22 July, 2019 - 10:18

Figure 1.77 Staccato

Legato is the opposite of staccato. The notes are very connected; there is no space between the notes at all. There is, however, still some sort of articulation that causes a slight but definite break between the notes (for example, the violin player's bow changes direction, the guitar player plucks the string again, or the wind player uses the tongue to interrupt the stream of air).

Figure 1.78 Legato

Accents - An accent requires that a note stand out more than the unaccented notes around it. Accents are usually performed by making the accented note, or the beginning of the accented note, louder than the rest of the music. Although this is mostly a quick change in dynamics, it usually affects the articulation of the note, too. The extra loudness of the note often requires a stronger, more definite attack at the beginning of the accented note, and it is emphasized by putting some space before and after the accented notes. The effect of a lot of accented notes in a row may sound marcato.

Figure 1.79 Accents
The performance of an accent depends on the style of music, but in general, sforzando and fortepiano accents involve a loud beginning to a longer note. They are usually heavier and longer than caret-type accents, which often rely more on a powerful attack (pg 58) to make a short note louder than the notes around it. 

A slur is marked by a curved line joining any number of notes. When notes are slurred, only the first note under each slur marking has a definite articulation at the beginning. The rest of the notes are so seamlessly connected that there is no break between the notes. A good example of slurring occurs when a vocalist sings more than one note on the same syllable of text.

Figure 1.80 Slurs

A tie looks like a slur, but it is between two notes that are the same pitch. A tie is not really an articulation marking. It is included here because it looks like one, which can cause confusion for beginners. When notes are tied together, they are played as if they are one single note that is the length of all the notes that are tied together. (Please see Dots, Ties, and Borrowed Divisions.)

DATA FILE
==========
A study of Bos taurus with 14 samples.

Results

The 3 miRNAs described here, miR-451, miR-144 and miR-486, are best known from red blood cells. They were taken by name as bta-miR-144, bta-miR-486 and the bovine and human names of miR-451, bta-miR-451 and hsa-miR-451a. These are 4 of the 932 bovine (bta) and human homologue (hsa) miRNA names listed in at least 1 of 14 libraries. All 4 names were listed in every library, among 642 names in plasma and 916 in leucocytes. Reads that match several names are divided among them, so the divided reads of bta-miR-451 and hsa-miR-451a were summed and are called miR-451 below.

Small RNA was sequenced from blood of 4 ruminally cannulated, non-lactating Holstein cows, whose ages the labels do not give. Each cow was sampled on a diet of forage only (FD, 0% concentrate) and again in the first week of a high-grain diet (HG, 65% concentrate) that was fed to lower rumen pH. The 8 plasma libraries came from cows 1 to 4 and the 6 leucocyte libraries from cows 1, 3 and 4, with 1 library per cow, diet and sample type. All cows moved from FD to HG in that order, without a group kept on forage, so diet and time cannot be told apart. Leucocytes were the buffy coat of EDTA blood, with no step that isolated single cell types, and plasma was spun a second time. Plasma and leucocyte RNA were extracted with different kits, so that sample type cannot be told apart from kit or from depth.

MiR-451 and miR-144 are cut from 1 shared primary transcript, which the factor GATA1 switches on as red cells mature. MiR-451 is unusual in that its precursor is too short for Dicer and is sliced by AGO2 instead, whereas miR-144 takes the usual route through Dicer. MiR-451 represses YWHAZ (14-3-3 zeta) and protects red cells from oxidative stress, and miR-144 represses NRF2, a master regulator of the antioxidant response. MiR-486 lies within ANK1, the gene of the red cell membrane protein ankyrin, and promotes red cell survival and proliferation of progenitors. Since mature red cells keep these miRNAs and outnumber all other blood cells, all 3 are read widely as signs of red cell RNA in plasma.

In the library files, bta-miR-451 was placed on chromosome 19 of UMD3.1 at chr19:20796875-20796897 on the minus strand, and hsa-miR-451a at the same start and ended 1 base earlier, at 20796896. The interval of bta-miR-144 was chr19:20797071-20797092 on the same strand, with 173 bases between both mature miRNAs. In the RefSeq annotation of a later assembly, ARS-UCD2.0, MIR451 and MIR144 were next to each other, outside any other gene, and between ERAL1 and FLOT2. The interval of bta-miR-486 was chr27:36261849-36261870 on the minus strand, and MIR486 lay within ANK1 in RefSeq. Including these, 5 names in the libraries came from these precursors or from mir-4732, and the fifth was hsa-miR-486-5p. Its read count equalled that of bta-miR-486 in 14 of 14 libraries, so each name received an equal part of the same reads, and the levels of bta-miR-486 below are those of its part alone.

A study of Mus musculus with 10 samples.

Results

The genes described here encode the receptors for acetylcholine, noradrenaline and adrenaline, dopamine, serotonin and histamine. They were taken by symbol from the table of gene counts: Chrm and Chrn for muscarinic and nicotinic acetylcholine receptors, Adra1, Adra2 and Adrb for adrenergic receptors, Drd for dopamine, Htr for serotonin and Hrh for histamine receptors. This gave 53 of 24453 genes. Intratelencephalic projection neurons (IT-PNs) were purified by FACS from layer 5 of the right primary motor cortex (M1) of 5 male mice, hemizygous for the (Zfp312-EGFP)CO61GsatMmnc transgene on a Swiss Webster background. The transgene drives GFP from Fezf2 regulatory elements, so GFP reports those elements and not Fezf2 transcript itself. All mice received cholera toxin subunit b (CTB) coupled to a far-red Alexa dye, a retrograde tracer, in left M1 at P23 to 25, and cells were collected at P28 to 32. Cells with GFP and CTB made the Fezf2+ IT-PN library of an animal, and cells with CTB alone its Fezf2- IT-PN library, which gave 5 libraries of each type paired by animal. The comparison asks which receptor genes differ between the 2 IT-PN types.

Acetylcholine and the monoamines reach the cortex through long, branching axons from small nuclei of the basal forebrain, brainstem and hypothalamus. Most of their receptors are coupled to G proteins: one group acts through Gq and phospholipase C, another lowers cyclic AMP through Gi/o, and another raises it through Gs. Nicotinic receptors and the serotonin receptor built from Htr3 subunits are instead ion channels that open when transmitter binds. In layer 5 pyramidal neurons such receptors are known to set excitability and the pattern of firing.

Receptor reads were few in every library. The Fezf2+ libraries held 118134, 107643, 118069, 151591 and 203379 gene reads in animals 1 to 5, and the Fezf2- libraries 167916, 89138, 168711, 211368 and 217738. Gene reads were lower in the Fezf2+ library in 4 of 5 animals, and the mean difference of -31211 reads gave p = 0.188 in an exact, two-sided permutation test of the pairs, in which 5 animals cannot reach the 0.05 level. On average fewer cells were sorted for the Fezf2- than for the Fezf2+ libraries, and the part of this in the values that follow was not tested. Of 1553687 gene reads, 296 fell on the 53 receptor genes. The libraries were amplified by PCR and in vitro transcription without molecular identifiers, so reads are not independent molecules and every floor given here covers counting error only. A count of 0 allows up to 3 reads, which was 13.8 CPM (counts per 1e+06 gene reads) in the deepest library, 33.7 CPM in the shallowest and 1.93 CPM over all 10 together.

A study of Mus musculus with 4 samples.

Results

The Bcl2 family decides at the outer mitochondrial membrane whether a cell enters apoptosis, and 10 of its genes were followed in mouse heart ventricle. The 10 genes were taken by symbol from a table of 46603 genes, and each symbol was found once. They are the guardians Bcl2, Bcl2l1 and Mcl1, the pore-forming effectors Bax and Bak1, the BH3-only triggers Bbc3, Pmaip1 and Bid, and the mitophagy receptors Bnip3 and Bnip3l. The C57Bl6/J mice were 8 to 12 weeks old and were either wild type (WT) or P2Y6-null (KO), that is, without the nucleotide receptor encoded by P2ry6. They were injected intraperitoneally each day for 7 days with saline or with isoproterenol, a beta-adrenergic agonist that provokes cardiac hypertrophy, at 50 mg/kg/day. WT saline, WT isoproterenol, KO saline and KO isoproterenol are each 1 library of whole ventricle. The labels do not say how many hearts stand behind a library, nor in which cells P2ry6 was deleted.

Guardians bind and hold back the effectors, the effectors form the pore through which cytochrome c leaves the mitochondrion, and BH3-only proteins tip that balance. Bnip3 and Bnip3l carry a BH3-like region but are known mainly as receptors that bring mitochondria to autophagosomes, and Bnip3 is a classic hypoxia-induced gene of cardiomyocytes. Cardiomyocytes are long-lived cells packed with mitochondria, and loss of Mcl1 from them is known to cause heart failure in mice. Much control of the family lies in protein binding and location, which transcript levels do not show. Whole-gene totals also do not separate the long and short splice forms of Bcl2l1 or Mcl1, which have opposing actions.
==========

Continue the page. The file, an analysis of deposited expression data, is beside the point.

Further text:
Figure 1.81 Slurs vs. Ties
A slur marking indicates no articulation - no break in the sound - between notes of different pitches. A tie is used between two notes of the same pitch. Since there is no articulation between them, they sound like a single note. The tied quarters here would sound exactly like a half note crossing the bar line. Like a note that crosses bar lines, the two-and-a-half-beat "note" in the fourth bar would be difficult to write without using a tie. 

A portamento is a smooth glide between the two notes, including all the pitches in between. For some instruments, like violin56 and trombone57, this includes even the pitches in between the written notes. For other instruments, such as guitar58, it means sliding through all of the possible notes between the two written pitches.

Figure 1.82 Portamento

Although unusual in traditional common notation, a type of portamento that includes only one written pitch can be found in some styles of music, notably jazz, blues, and rock. As the notation (Figure 1.83) suggests, the proper performance of scoops and fall-offs requires that the portamento begins (in scoops) or ends (in fall-offs) with the slide itself, rather than with a specific note.

Figure 1.83 Scoops and Fall-offs
The notation for scoops and fall-offs has not been standardized, but either one will look something like a portamento or slur with a note on one end only. 

Some articulations may be some combination of staccato, legato, and accent. Marcato, for example means "marked" in the sense of "stressed" or "noticeable". Notes marked marcato have enough of an accent and/or enough space between them to make each note seem stressed or set apart. They are usually longer than staccato but shorter than legato. Other notes may be marked with a combination of articulation symbols, for example legato with accents. As always, the best way to perform such notes depends on the instrument and the style of the music.

Figure 1.84 Some Possible Combination Markings

Plenty of music has no articulation marks at all, or marks on only a few notes. Often, such music calls for notes that are a little more separate or defined than legato, but still nowhere as short as staccato. Mostly, though, it is up to the performer to know what is considered proper for a particular piece. For example, most ballads are sung legato, and most marches are played fairly staccato or marcato, whether they are marked that way or not. Furthermore, singing or playing a phrase with musicianship often requires knowing which notes of the phrase should be legato, which should be more separate, where to add a little portamento, and so on. This does not mean the best players consciously decide how to play each note. Good articulation comes naturally to the musician who has mastered the instrument and the style of the music.